Unless radical “hover home” technology gets developed in the latter part of the 21st century, the New York Times has a warning for you: the thousands of coastal communities dotting the edges of New York City are going to be washed away by the expanding catastrophic flood zones brought upon by the predicted continued erosion of the polar ice caps.
While Mayor Bloomberg has commissioned extensive research studies on the effects of climate change, and what it means for the city, critics have pointed to the crippling chaos Hurricane Irene unleashed on the city’s infrastructure last year as a sign that long-term plans to protect the city are moving too slowly.
In the future, if a storm like Irene, where 370,000 residents living in the catastrophic flood zones were ordered to evacuate, were to strike again, the danger would extend far beyond that of getting people to safety. The chemical manufacturing plants, garbage transfer stations, and oil storage sites all lining the edges of Western and Southern Brooklyn, and other parts of the city, would be exposed to destruction, potentially causing an environmental disaster not yet seen in the city’s history.
New flood map projections published by the New York Times show that, here in Southern Brooklyn, accelerated melting of polar ice puts all of Sheepshead Bay in a flood zone by 2020, and that stretches past Marine Park and into Midwood by 2080. By that time, major transportation infrastructure will also be at risk of being under water, including just about all of the Belt Parkway and John F. Kennedy airport.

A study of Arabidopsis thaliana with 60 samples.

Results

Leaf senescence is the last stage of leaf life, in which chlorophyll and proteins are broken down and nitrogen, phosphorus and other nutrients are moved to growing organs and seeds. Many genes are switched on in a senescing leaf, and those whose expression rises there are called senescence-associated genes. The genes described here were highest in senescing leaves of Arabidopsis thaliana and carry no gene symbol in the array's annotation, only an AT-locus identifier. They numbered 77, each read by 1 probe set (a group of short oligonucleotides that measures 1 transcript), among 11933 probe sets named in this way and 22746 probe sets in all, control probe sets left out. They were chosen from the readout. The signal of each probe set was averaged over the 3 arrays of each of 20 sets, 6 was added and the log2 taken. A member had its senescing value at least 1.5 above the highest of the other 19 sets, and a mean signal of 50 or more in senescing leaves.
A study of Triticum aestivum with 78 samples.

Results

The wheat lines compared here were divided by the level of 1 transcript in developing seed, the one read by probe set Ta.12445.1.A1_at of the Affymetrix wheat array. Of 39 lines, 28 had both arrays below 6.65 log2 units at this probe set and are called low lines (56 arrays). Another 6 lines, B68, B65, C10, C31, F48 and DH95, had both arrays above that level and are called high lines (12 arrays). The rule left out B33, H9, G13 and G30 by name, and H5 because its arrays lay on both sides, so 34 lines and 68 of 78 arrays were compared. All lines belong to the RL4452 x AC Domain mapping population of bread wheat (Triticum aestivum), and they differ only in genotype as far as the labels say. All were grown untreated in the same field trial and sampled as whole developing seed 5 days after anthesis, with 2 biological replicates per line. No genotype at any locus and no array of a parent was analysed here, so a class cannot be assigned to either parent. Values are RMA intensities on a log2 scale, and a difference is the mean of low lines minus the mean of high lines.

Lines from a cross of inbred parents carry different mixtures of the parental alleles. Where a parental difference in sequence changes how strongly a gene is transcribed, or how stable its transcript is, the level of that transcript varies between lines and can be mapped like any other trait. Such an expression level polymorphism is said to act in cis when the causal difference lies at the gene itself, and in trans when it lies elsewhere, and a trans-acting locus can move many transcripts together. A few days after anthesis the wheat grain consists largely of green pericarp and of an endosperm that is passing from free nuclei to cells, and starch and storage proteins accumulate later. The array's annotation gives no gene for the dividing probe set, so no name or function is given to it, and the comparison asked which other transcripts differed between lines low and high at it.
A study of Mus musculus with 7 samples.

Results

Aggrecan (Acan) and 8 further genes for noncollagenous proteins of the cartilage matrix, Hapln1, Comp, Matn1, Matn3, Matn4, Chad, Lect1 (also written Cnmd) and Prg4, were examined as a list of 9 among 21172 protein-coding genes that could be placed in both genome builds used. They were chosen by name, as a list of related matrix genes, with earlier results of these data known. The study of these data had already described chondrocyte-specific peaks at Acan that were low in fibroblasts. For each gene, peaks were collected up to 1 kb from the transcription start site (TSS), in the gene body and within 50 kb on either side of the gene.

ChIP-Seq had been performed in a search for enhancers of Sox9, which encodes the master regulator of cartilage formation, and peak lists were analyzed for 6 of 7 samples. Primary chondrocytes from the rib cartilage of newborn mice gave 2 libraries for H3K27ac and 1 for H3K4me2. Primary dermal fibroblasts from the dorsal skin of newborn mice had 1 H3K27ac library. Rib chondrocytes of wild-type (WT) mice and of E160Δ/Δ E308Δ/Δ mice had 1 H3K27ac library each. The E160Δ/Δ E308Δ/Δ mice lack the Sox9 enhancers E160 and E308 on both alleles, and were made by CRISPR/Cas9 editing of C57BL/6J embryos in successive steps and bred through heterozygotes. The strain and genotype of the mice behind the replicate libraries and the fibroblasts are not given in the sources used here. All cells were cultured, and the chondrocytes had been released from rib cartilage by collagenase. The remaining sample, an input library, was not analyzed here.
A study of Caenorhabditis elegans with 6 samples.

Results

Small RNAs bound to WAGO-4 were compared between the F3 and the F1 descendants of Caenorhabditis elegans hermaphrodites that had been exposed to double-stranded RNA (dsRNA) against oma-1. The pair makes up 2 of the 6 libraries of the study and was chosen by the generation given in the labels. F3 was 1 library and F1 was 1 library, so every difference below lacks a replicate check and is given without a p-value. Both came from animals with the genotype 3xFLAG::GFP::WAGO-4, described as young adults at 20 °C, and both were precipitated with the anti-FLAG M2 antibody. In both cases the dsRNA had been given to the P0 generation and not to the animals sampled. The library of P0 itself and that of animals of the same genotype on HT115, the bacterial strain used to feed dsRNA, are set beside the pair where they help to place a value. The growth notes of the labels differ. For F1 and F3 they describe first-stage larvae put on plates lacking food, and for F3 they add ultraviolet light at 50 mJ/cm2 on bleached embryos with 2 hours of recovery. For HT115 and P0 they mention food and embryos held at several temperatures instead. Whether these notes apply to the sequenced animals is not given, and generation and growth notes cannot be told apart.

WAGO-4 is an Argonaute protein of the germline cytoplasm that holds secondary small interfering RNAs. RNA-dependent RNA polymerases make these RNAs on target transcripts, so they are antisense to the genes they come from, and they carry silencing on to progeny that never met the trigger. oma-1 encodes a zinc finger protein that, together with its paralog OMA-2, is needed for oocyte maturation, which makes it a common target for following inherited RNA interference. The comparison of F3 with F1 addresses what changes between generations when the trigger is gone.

(Readers captured several videos of flooding from Hurricane Irene.)
(And more videos from Hurricane Irene.)
(Recent storms have already lead to flooding in our area.)
(Erosion and flooding at Plumb Beach have already put the Belt Parkway at risk.)
(How to protect yourself from flooding.)
Even if drastic action is taken now, the effort needed to protect New York from Mother Nature’s destructive power is an incredibly complicated undertaking, and a very costly one. Because the cost is so great, city planners are under a high-pressured game to calculate the risk versus cost. New York’s main plan of dealing with this complex future crisis is by slowly rolling out changes and safeguards in hopes that the requisite infrastructure will be in place when the next level of action is needed. More than $2 billion will be spent in this effort over the next 18 years.
The city was spared last year when Irene fizzled into a tropical storm by the time it hit the city, but as global climate change becomes more a reality, its possible a huge storm could smash the city’s meager defenses long before any major changes have been put in place. If that’s the case, many New Yorkers sailing through the financial district on make shift rafts are going to be wondering why the city’s planners weren’t more urgent when they had the chance to prevent a massive disaster.